Crushing Oil Companies and Their Workers
Democrats want to double down on oil-firm income taxes


     

Titled the Close Big Oil Tax Loopholes Act, the bill aims, among other provisions, to undo for one and only one industry, a U.S. Treasury rule, in place for more than a quarter-century, that allows American companies operating overseas to claim credits on their U.S. corporate income tax returns for income taxes paid to foreign governments.

The purpose of the rule applying to so-called dual-capacity taxpayers is to avoid taxing corporate income twice. The U.S. government taxes the income of its multinational corporations on a worldwide basis. Without a credit for income taxes paid into foreign treasuries, income earned outside the United States would be subject to double-taxation in the same way that the incomes of individuals would be if state personal income taxes could not be deducted in computing their federal tax liabilities.

Besides selectively raising taxes on a critical sector of the economy—the U.S. oil and gas industry employs about 9.2 million workers and accounts for about 7.2 percent of gross domestic product (GDP)—the idiosyncratic tax treatment of American companies engaged in the extraction of natural resources overseas suggests that, if passed, Mr. Menendez’s bill will place domestic energy producers at a considerable competitive disadvantage relative to their foreign rivals.

Current rules allow dual-capacity taxpayers to claim U.S. income tax credits only for income taxes paid to foreign governments. They are not permitted to deduct royalties or other fees paid for production rights. Moreover, the U.S. Treasury places the burden on domestic oil and gas companies to prove that any credit claimed is in fact limited to payments of foreign taxes on income.

Mr. Menendez and his legislation’s co-sponsors, Democratic Sens. Bill Nelson of Florida and Jeff Merkley of Oregon, want to reclassify as nondeductible royalties or expenses any income taxes paid by oil and gas companies in excess of the income taxes foreign governments impose on manufacturers and other non-energy firms. But many foreign nations levy much higher income-tax rates on U.S. energy producers than they do on other U.S. corporations.

If, for example, the foreign tax rate on the incomes of U.S. manufacturers is 10 percent, while the income tax rate on U.S. energy producers is 35 percent, the income tax credits of domestic oil and gas companies will shrink dramatically, and the difference will be taxed twice.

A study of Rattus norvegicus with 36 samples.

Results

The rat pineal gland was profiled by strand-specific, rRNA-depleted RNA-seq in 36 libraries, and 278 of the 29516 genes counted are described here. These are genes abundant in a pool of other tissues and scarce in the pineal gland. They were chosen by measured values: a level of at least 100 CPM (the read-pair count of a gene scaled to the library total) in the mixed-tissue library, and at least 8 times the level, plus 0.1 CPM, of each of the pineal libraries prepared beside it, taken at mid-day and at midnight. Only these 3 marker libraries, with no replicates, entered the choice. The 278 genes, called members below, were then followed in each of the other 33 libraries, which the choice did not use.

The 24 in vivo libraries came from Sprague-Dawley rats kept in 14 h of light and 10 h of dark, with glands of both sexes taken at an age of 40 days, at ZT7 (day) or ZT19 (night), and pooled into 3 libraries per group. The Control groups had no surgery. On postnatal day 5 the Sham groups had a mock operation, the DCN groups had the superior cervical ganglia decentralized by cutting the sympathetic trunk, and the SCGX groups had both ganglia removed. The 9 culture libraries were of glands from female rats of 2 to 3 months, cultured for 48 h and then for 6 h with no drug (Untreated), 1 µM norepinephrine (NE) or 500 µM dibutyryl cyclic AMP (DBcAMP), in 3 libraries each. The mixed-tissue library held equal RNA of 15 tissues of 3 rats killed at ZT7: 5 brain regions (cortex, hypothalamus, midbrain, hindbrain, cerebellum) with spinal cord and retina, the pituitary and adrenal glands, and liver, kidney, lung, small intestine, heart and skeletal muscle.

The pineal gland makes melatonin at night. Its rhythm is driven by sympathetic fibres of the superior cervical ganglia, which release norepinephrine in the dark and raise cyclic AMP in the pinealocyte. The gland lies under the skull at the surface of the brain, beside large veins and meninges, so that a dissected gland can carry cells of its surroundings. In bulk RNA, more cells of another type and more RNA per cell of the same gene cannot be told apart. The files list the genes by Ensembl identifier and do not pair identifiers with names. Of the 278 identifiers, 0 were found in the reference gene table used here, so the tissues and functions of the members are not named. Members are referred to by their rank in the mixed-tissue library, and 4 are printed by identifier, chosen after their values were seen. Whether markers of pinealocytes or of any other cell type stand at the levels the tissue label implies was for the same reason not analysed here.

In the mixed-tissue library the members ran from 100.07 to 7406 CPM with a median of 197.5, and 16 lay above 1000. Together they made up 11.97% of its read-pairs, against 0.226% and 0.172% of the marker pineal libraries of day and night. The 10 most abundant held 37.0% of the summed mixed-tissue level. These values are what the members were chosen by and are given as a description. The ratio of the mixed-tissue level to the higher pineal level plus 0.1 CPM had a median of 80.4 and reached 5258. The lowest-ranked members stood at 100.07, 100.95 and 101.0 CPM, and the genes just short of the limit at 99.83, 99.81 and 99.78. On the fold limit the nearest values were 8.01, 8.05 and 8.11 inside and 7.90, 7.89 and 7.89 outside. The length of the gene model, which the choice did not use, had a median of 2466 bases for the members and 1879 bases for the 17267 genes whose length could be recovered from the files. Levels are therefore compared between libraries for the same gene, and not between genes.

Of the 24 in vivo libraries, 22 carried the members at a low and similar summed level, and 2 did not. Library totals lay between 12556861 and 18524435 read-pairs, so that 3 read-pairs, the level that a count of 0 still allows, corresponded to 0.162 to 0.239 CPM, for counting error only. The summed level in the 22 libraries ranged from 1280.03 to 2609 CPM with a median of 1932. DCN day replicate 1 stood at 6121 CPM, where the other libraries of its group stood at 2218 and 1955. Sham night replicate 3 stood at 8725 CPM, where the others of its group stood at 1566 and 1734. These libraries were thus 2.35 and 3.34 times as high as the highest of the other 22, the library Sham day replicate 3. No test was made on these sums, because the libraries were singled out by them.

The Menendez bill also proposes to repeal a host of other ostensible “loopholes” in the federal income tax code as it applies to American energy producers with an eye on “recouping” $20 billion in tax revenue over the next decade. It implements part of President Obama’s 2011 budget message in which, pursuing his “green” agenda, he outlined a policy of stopping subsidies to “polluting industries.”

It is clear, however, that the Close Big Oil Tax Loopholes Act is meant to punish America’s oil and gas industry, perhaps in reprisal for the Deepwater Horizon disaster, largely the fault of a British company, and more likely to expropriate additional tax revenue from a politically vulnerable sector that is perceived popularly as being extraordinarily profitable.

It is not. Average oil- and gas-industry earnings run about 7.7 cents per dollar of sales, a figure that is less than that of many other sectors of the economy: Earnings per dollar of sales are about 7.9 cents for U.S. industry as a whole.

A recession is exactly the wrong time to raise taxes on anyone, especially an industry that “creates” so many jobs and already contributes billions to treasuries here and abroad. If anything, American taxpayers should be grateful that, unlike GM, Chrysler and Wall Street, U.S. energy companies are not (yet) wards of the state.


William F. Shughart II is a Research Director and Senior Fellow at The Independent Institute, J. Fish Smith Professor in Public Choice in the Jon M. Huntsman School of Business at Utah State University, and editor of the Independent Institute book, Taxing Choice: The Predatory Politics of Fiscal Discrimination.


  From William F. Shughart II
TAXING CHOICE: The Predatory Politics of Fiscal Discrimination
So-called “sin taxes”—the taxing of certain products, like alcohol and tobacco, that are deemed to be “politically incorrect”—have long been a favorite way for politicians to fund programs benefiting special interest groups. But this concept has been applied to such “sinful” products as soft drinks, margarine, telephone calls, airline tickets, and even fishing gear. What is the true record of this selective, often punitive, approach to taxation?